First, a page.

Pope Francis supports homeschooling
Pope Francis supports homeschooling
Photo by Franco Origlia/Getty Images

Homeschooling has consistently been supported and encouraged by top Catholic leadership, and canon law clearly dictates that pastors and Catholic communities respect and support this growing educational option.

“Every man and every woman has a right to educate their children,” according to Pope Francis.

In fact, “the right and duty of parents to educate their children is essential, original and primary, irreplaceable and inalienable," explained Benedict T. Nguyen, homeschooling father of four and canon lawyer, on the Catholic Education Website.

“I feel the need to defend the canonical right of Catholics to homeschool as an answer to the mistaken notion that homeschooling is somehow not a proper option for Catholic parents,” he stated. “The decision to homeschool is fully in line with Church teaching and with canon law.”

Homeschoolers are loyal to their churches and are likely to attend church regularly. In fact, 76% of homeschoolers attend church at least once per week, compared to 16% of the total population.

Homeschoolers also score higher than 88 percent of the population in core subjects.

Homeschooling parents still face obstacles
Despite the successes of home educators, parents who homeschool still face political and social obstacles.

The government's attempts to restrict homeschooling have been challenged hundreds of times in courts across the country. Homeschooling freedoms have grown as a result of these lawsuits.

The Catholic Church's leadership has continued to encourage the government to give freedom to homeschoolers. The Vatican's permanent observer in the UN stated in 2012: "Parents have the right and duty to choose schools inclusive of homeschooling, and they must possess the freedom to do so, which in turn, must be respected and facilitated by the state."

Some pastors reject canon law
Sadly, despite canon law and the continuing growth of homeschooling, some pastors still do not support this option.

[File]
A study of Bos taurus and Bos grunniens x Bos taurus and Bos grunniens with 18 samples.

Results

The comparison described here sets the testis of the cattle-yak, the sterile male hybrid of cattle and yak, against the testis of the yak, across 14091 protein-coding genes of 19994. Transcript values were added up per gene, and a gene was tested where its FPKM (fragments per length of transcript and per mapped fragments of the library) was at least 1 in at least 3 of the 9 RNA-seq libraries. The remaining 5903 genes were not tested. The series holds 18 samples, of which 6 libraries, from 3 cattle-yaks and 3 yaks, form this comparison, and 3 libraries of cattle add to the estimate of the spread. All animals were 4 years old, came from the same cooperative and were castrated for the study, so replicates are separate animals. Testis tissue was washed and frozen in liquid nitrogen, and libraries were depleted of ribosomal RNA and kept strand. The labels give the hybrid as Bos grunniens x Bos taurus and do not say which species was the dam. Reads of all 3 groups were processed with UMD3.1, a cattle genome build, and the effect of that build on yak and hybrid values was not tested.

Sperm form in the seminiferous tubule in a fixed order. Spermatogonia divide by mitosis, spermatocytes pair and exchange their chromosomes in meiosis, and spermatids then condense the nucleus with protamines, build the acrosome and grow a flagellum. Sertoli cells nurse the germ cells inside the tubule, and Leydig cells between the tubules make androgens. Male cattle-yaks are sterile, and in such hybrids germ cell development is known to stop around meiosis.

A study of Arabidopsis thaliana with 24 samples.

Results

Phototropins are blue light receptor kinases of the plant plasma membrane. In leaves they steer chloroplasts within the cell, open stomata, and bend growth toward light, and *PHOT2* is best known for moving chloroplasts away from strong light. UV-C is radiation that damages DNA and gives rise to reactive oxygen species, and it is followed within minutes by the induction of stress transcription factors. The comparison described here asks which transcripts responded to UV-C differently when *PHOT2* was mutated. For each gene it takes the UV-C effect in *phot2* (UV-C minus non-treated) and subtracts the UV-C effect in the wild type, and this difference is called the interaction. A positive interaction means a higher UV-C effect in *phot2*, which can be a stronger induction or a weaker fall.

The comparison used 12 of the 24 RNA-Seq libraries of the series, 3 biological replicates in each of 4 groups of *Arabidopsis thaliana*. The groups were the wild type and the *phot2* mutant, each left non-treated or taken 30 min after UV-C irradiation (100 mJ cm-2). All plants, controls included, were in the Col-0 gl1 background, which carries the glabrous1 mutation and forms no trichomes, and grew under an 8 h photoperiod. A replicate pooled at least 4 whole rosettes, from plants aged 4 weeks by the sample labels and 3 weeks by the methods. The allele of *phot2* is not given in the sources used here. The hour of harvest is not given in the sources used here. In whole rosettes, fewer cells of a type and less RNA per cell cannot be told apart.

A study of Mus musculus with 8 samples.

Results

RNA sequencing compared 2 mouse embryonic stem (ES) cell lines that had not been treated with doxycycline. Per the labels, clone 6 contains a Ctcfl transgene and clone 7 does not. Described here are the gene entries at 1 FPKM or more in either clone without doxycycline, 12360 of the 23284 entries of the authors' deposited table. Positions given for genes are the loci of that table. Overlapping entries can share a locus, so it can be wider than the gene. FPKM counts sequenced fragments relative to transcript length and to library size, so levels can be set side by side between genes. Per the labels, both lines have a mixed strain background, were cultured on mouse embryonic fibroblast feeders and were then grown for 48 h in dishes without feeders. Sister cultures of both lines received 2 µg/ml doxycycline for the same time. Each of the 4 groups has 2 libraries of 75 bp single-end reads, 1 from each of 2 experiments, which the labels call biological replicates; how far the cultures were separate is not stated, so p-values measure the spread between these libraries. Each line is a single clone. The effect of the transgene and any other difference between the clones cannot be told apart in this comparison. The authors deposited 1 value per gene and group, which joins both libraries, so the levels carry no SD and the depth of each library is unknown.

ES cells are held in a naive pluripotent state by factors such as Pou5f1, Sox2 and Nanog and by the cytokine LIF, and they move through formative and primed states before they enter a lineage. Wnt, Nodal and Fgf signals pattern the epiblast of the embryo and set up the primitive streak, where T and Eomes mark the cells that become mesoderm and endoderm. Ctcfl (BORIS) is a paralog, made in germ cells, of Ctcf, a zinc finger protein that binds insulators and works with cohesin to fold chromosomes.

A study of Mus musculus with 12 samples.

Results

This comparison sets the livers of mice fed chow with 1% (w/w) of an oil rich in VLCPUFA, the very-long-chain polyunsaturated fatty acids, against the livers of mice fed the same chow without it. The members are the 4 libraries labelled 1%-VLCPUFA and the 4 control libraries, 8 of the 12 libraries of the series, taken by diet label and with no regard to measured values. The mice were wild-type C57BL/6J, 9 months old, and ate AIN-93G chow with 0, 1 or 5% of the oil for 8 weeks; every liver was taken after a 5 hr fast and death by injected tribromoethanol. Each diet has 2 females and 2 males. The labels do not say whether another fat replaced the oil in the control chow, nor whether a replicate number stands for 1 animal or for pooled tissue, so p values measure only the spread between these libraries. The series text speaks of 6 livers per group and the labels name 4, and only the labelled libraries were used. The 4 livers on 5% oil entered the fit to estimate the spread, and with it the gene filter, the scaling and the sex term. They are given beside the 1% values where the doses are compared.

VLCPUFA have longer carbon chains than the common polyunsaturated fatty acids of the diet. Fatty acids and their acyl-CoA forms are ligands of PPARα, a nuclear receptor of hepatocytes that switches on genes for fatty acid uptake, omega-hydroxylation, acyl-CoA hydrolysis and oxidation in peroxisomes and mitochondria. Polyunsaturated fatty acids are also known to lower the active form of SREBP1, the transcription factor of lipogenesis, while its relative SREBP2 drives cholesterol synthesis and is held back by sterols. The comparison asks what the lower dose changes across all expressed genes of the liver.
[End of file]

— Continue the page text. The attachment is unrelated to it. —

For example, Father Wayne Ureel took over leadership of Holy Spirit Catholic Parish in Michigan last year. Recently, he told a long time Catholic homeschooling group they could no longer meet at the church, and that they “did not fit” into the mission of the parish.

This decision to disallow the homeschool meetings caused friction and protests across the parish. This division caused Father Wayne to address parishioners in a speech where he told them:

“I want to remind you that the church is not a democracy. It is an autocracy, and a benevolent one at that. The structure of the church is based upon that of the Roman Army. The person in charge is the pastor, and the last time I checked I had the key, and I have the paperwork to prove it.”

Pastors should assist homeschoolers
This removal of the homeschool group from Holy Spirit parish was despite the fact that “the role of the pastor is to give a service of assistance by providing the parents with the means to form their child,” according to Nguyen.

"The duty and the right to arrange everything so that the faithful can have a Catholic education belong to pastors of souls."

He continued. “Pastors of souls should not be offended when parents choose home schooling to provide for the Catholic education of their children. Rather, they should feel proud that their teaching and pastoral leadership have fostered parents who take their Catholic faith and their vocational duties — especially the Catholic education of their children — seriously enough to make the often difficult decision to home school."

Nguyen also states that homeschoolers are not obligated to use their parish sacramental programs if “after a reasoned and prayerful consideration, parents decide to undertake the obligation of educating their children themselves.”